La Promenade (La Promenade, la femme à l'ombrelle - Woman with a Parasol)
Do you believe in ghosts? Ever since I was a child, I have been able to feel the spirits of people who had previously lived in a house. Occasionally I have even caught a glimpse of them. They are as clear to me as the people we see every day. They are not transparent wisps, but real people.
I have been living in my tree house for 12 years. It is a fairly new development from sometime in the late 1980s. Prior to that, it had been an Edwardian house, built around the turn of the century. Some of the older Edwardian houses in my neighbourhood still exist, and they’re lovely old buildings, with brick fireplaces, wrap-around porches and stained glass windows. Many of them have fruit trees in the yard. I love to walk through the neighbourhood and imagine the folks who lived there and what their lives must have been like in those elegant old houses.
I have never told anyone this until now, but occasionally when I first wake up in the morning, before I am fully awake, I can see a woman in my apartment. She is visible for only a few seconds, and then she disappears. When I first saw her, I thought, “Who on earth is that woman?” After a while, I got used to her, and she just became part of the environment. She looks very pleasant, she has auburn hair and a 1950s style dress. She is quite elegant. I have just accepted her, and she doesn’t frighten me. I imagine she is someone who had lived in the house that had been on the property.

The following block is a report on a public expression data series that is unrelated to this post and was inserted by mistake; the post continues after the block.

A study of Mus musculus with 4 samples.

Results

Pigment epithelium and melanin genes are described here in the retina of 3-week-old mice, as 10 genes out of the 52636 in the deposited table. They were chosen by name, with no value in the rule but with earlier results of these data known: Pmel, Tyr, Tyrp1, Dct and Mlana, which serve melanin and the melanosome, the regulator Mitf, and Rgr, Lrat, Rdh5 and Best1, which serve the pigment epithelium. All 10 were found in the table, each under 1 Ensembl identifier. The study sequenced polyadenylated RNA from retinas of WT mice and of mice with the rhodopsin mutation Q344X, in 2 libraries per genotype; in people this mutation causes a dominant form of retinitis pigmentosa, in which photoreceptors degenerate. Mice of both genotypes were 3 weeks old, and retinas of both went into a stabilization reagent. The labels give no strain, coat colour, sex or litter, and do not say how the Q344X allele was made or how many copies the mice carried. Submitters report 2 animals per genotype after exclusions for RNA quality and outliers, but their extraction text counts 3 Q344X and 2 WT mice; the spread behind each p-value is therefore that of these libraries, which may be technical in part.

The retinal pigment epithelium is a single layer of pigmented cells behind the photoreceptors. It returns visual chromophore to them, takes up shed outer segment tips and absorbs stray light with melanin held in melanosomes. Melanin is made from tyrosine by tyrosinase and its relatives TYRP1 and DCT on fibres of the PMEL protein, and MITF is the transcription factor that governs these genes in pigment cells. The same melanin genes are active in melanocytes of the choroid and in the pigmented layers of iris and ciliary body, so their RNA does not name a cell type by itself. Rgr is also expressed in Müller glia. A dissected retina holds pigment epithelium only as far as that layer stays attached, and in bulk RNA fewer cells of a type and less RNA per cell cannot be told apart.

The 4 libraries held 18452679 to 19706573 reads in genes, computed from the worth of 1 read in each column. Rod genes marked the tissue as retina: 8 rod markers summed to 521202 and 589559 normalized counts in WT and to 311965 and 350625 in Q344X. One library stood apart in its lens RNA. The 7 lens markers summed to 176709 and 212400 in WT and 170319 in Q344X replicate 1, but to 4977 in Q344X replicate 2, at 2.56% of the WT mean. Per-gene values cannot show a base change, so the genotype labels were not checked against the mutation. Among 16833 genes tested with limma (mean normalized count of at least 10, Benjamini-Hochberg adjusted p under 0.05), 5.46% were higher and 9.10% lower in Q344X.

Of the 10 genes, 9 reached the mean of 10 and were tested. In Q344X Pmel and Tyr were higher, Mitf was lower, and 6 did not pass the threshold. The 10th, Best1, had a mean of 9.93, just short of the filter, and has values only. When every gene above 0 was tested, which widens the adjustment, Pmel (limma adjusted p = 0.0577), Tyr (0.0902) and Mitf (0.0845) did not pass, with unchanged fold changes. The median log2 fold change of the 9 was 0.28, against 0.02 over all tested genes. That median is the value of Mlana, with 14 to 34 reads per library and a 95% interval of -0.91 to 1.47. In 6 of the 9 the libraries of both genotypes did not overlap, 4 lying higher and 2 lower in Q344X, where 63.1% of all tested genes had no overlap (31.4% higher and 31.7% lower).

This morning I was late for work, so I took a taxi to my office. When I got into the taxi, the driver said to me, “I was born in the house that used to be on that property…” Omigosh. I have always been curious about the house that had been there before, so I asked him about it. He told me it was a three-story house, it had a large back yard with a lawn and apple trees, and his mother had planted a lovely flower garden. He said his parents rented the top floor to a woman named Hilda. He described her as having auburn hair; she was very elegant, well-read, well-educated and loved to travel to exotic places like Africa and the Orient. She spoke several languages.
The taxi driver told me that when he was a little boy, his mother felt he should learn more about culture and the arts than she was able to teach him, so Hilda used to take him with her to the opera and the theatre. Hilda had been married for a short while at a very young age, but her husband died, and she had no children of her own. He said he became very good friends with Hilda, and was very fond of her. She took him for walks through the neighbourhood, and to picnics and swimming at Kitsilano Beach. She lived her life as a spinster, and she passed away in the house at the age of 90.
I described to him the woman I have seen occasionally over the years, and he said, “That’s Hilda.”
Well, I like Hilda. It sounds as if she had been a very interesting person, and I don’t mind sharing my space with her. And maybe she likes me too, and approves of sharing her space with me. At least now I know her name.